Though Sanford Kadish didn't think about law school until after his discharge from the Navy in 1946, a one-year hitch at the University of Colorado planted the seeds for a life in academia. Male students at City College scheduled to graduate in the spring of 1942 were forgiven their final semester in response to the bombing of Pearl Harbor. Prof. Kadish was tapped as a Japanese translator and spent a year in Boulder, Colo., learning the language.
"I was very taken with the life of the academic community there and thought it would be great to spend my life on such a campus," he says.
Yet the realities of a post-war life meant finding a way to make a living, and that early impression of academic life was forgotten as he made his plans. Paying a visit to "a very friendly dean I'd known," he was encouraged to go to law school. Attracted by the law's utility in the job market, his decision was cemented by the two-year program offered at Columbia for returning veterans.
Upon completion of his degree in 1948, he joined a private practice in Manhattan, where he was contacted by the dean of the University of Utah Law School, Spencer Kimball, a friend he'd met during the war. Dean Kimball offered him a job but, unprepared for a move out West, Prof. Kadish turned him down. A year later Dean Kimball renewed the offer and received the answer he wanted: Prof. Kadish was off to Utah for a decade. He then taught at the University of Michigan and later received a similar recruitment call from the Boalt Hall dean in 1964 to teach at the University of California at Berkeley.
"I told him I wasn't ready to make a move so he offered me a winter semester away from the cold, and that was it," said Prof. Kadish. "I've been in Berkeley ever since."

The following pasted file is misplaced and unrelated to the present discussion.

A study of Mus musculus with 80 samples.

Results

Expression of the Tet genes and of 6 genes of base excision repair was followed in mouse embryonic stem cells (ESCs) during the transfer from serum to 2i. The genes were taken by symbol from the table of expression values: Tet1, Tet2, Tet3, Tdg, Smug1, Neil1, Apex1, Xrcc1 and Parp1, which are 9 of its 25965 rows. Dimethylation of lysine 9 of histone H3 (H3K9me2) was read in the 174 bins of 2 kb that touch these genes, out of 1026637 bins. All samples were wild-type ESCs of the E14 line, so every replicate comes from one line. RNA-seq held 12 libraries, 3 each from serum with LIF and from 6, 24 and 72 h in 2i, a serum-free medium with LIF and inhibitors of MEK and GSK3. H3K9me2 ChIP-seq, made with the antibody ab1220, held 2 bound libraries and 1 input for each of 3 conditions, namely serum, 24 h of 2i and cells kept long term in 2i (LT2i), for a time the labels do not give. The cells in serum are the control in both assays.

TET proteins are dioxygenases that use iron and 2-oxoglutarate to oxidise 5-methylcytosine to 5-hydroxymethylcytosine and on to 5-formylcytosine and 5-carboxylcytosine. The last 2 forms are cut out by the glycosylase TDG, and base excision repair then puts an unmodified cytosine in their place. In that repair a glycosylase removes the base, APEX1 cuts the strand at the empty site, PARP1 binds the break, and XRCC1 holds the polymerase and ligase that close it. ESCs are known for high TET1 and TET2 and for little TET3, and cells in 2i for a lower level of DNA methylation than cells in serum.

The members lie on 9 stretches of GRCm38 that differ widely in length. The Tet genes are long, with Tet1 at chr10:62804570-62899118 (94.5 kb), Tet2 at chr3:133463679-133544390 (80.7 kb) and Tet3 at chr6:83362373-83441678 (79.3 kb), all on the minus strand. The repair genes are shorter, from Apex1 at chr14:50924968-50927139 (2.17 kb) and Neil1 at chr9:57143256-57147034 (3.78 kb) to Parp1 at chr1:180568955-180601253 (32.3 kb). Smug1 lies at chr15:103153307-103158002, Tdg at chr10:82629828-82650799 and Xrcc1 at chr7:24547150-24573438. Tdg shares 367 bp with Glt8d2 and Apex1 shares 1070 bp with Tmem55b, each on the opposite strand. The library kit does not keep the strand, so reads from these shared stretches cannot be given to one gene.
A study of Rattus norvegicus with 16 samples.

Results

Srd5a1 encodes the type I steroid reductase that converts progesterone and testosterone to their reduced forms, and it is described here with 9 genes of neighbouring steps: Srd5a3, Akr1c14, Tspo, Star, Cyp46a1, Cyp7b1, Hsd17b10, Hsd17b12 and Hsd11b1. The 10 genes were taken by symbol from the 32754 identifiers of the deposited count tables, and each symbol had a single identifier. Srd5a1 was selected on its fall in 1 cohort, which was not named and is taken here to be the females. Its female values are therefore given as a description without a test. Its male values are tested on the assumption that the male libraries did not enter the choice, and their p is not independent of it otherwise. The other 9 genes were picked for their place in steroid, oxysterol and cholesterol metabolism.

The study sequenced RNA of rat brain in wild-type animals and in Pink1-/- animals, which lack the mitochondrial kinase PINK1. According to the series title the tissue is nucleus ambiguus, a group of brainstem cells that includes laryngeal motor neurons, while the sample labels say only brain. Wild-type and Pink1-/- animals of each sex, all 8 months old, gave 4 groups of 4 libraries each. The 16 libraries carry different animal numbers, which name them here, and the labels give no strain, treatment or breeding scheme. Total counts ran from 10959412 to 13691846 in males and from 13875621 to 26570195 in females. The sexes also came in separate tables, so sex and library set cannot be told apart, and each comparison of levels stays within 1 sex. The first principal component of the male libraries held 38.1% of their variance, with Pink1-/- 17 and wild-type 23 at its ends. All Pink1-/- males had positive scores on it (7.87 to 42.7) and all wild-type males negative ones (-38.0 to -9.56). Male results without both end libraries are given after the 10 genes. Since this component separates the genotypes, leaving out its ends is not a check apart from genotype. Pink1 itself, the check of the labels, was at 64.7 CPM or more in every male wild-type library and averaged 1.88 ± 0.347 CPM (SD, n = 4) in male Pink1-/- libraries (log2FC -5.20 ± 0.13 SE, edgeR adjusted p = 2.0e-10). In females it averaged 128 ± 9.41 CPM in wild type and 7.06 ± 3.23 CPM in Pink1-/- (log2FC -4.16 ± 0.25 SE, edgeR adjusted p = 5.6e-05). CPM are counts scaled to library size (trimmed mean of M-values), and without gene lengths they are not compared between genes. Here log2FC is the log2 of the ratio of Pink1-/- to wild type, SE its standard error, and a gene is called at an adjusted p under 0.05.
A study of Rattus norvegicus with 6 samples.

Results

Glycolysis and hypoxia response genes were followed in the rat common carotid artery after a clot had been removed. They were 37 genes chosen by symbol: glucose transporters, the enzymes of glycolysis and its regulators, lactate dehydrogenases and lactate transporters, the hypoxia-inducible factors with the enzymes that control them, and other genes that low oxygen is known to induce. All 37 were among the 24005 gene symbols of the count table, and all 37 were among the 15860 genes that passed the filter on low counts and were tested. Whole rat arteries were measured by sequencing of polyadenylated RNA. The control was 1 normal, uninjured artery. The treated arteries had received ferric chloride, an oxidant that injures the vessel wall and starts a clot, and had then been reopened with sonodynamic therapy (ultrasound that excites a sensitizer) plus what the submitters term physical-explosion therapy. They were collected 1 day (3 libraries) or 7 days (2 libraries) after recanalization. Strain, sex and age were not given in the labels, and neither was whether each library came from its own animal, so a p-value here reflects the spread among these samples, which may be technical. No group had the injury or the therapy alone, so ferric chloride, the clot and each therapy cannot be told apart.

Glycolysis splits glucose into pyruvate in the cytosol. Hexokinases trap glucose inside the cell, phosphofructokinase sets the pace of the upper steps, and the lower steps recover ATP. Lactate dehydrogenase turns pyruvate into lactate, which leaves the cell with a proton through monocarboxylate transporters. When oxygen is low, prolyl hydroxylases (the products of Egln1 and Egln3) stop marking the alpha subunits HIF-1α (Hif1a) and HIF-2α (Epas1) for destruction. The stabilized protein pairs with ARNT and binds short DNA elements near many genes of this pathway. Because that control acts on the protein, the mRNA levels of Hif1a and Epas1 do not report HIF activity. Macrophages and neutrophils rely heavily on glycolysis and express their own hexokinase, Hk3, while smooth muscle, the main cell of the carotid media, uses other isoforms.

Yet, if a career in academia was spawned by a call from an old army buddy, Prof. Kadish's interest in the classroom and the life of the mind was present from his first days at law school. Citing Professors Herb Wechsler '31 and Walter Gellhorn '31 as profound influences, he notes the "awesome intellects" that cast the mold for his professional scholarly life and his own expertise in criminal law, shaped by Prof. Wechsler's first-year class. Now a leader in the field in his own right, and an emeritus professor, he has remained at Berkeley and continues to thrive on an academic life. His books include Discretion to Disobey and Criminal Law and its Processes, and he was editor in chief of the Enyclopedia of Crime and Justice. Prof. Kadish has also served as president of the Association of American Law Schools and the American Association of University Professors.
"I like the interchange with students - the teaching - although that wasn't the primary motive for me. It was the community that drew me in," he says. "I like ideas and associating with professors in an academic community." Prof. Kadish's many visiting professorships have earned him colleagues not only across the country but around the world.
Yet, it is at home that he continues to make his mark, most recently with the Kadish Center for Morality, Law and Public Affairs. A fitting gift from a lifelong scholar, the center is a coalescence of his passions.
Prof. Kadish created the center in order to institutionalize the topics at UC Berkeley. "Last semester we used legal and moral reasoning in dealing with right and wrong in issues of life and death. My students and I engaged in a long colloquy of arguments. They came with open minds and many changed positions or formed others."